Federal Tax Audit: When Negotiation is Not Enough
Federal tax liabilities can come from numerous different sources. The federal tax system depends upon self-assessment and self-reporting of the various taxes that it administers including the income, employment, gift and estates taxes. This system requires accurate calculation, voluntary compliance, and reporting of the tax due by the taxpayer. The Internal Revenue Service (IRS) utilizes its authority to conduct audits to verify that taxpayers have properly reported how much taxes they have due. The system itself is balanced by the rights of the taxpayer to dispute the IRS’ findings both in the administrative system of the IRS and the federal courts. When dealing with federal tax audits, generally the best approach is to negotiate in order to complete all but the most difficult of audits. If the taxpayer disagrees with the proposed audit changes, and an agreement cannot be reached with both parties, there are several options available for protesting the initial outcome.
The taxpayer may file a protest with the IRS Appeals Division following the issuance of the auditor’s Form 950, Examination Report (the “30-Day Letter”) if they disagree with the auditor’s findings. If the proposed additional tax, additions to tax and penalties, proposed overassessment, or claimed refund, credit, or abatement for any tax period, does not exceed $50,000, a request for an appeal can be made using Appeal’s small case procedures. For the taxpayer, this would simply require a written request asking for an Appeals consideration. This states that the taxpayer does not agree with the changes giving their reasons for the disagreement. If, however, a case with a proposed deficiency exceeds $50,000, then it will require a formal written protest to the Appeals Division. Upon receipt of the formal protest, Appeals will review the protest and the case to determine several items including whether the case requires further development by the examiner, whether the examination report should be modified, whether the written protest includes the requested information, and whether the protest is adequate. If the taxpayer and the IRS are able to reach an agreement on the proposed adjustments at the Appeals Division, the case is closed. Otherwise, the taxpayer may decide to litigate the issue in one of the three available forums: U.S. Federal District Court, U.S. Tax Court, or the U.S. Court of Federal Claims.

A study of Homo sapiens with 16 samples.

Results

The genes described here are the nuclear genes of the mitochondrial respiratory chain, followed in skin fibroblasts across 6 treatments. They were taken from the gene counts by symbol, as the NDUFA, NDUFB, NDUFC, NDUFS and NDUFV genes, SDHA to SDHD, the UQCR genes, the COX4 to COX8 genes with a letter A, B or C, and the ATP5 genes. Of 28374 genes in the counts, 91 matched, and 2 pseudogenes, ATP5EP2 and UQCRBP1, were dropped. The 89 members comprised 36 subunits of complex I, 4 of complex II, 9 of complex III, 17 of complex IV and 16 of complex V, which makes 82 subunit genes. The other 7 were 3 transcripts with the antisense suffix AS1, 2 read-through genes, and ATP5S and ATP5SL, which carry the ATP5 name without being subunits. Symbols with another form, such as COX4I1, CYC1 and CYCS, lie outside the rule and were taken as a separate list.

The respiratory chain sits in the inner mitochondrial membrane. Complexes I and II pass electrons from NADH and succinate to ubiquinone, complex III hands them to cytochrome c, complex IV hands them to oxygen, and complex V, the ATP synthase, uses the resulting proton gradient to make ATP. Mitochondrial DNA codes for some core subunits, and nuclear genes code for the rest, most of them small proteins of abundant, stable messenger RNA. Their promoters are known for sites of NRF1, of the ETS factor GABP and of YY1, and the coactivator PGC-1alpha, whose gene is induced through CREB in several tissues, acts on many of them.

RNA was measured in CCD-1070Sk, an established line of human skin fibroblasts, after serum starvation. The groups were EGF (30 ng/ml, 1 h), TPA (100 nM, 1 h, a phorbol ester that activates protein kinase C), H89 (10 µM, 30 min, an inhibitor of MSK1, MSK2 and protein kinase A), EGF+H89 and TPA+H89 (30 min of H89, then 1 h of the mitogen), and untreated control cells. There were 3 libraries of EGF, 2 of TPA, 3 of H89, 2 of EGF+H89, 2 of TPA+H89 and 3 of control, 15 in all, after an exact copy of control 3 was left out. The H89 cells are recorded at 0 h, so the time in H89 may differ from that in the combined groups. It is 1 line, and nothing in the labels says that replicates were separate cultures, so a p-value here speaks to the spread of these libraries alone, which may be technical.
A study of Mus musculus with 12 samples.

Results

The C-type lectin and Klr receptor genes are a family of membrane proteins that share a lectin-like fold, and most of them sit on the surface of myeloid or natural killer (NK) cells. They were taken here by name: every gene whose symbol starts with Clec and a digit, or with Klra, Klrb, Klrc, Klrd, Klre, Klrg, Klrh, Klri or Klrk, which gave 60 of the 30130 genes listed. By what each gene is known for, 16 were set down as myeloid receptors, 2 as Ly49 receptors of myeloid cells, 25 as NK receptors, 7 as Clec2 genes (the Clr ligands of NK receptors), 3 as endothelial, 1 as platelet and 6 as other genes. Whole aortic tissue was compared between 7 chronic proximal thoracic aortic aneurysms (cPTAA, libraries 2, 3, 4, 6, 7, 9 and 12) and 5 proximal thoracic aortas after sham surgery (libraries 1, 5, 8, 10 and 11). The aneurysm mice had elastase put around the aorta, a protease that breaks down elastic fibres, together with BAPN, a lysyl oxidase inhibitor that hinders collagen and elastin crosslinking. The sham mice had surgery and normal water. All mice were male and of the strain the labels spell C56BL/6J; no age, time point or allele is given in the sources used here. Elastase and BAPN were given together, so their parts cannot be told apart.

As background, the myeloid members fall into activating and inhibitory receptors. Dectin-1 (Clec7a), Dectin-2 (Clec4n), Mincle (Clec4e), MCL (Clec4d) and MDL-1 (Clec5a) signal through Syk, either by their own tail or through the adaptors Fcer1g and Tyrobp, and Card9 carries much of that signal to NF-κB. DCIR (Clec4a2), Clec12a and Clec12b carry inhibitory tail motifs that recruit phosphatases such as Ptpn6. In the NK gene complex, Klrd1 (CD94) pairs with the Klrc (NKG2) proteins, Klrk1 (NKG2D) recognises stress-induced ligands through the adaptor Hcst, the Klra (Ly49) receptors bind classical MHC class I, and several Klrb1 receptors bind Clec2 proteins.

If, after meeting with IRS Appeals, or the taxpayer does not seek Appeals consideration, the case remains unagreed, the IRS will then issue a statutory Notice of Deficiency or Notice of Determination. This is also known as a 90-day letter. The taxpayer has 90 days after the letter is issued (150 days if the notice is addressed to a person outside the United States) to file a petition with the Tax Court to contest the proposed deficiency. The Notice of Deficiency/Determination is important since it provides the taxpayer with the ability to contest the proposed deficiency in the Tax Court without having to prepay the tax and provides the Tax Court jurisdiction to redetermine the proposed deficiency. However, if prior to filing of their petition with the Tax Court the taxpayer did not pursue an administrative appeal with the IRS Appeals Division, the matter will be sent to the IRS Appeals Division who can consider a settlement of the case prior to the matter being docketed and placed on the Tax Court calendar. IRS Appeals will only review the case if the matter was not previously reviewed by Appeals. Hence, you only get one bite at the apple with IRS Appeals. If a taxpayer reaches an agreement with Appeals, the settlement is made by a stipulation of agreed deficiency or overpayment which is filed with the Tax Court. If the taxpayer is unable to reach a settlement with Appeals during the time allotted, Appeals will no longer make considerations and the Tax Court case will proceed forward.
The taxpayer is not required to pay the proposed deficiency until there is a final determination with regard to the proposed deficiency. However, the proposed deficiency will continue to accrue interest until it is paid. In order to stop the continued accrual of interest during the pendency of the appeal or Tax Court proceeding, the taxpayer can choose to make a deposit, including interest and penalties, of the proposed deficiency. To ensure that the payment is properly designated as a deposit in accordance with IRS procedures care must be taken.
It is strongly recommended that you engage tax counsel that has the necessary education, training and experience with tax litigation matters. The further you go in the tax appeals process, the more difficult it is for someone without legal tax litigation training and experience to properly plead on your behalf. Furthermore, as opportunities to resolve the matter are lost through lack of expertise in the process, the matter becomes more difficult to navigate as negotiation will no longer be enough to settle the dispute leaving your path forward unclear. The conclusion is simple and straight forward. Your best option to handle a federal tax audit is with a highly trained tax professional.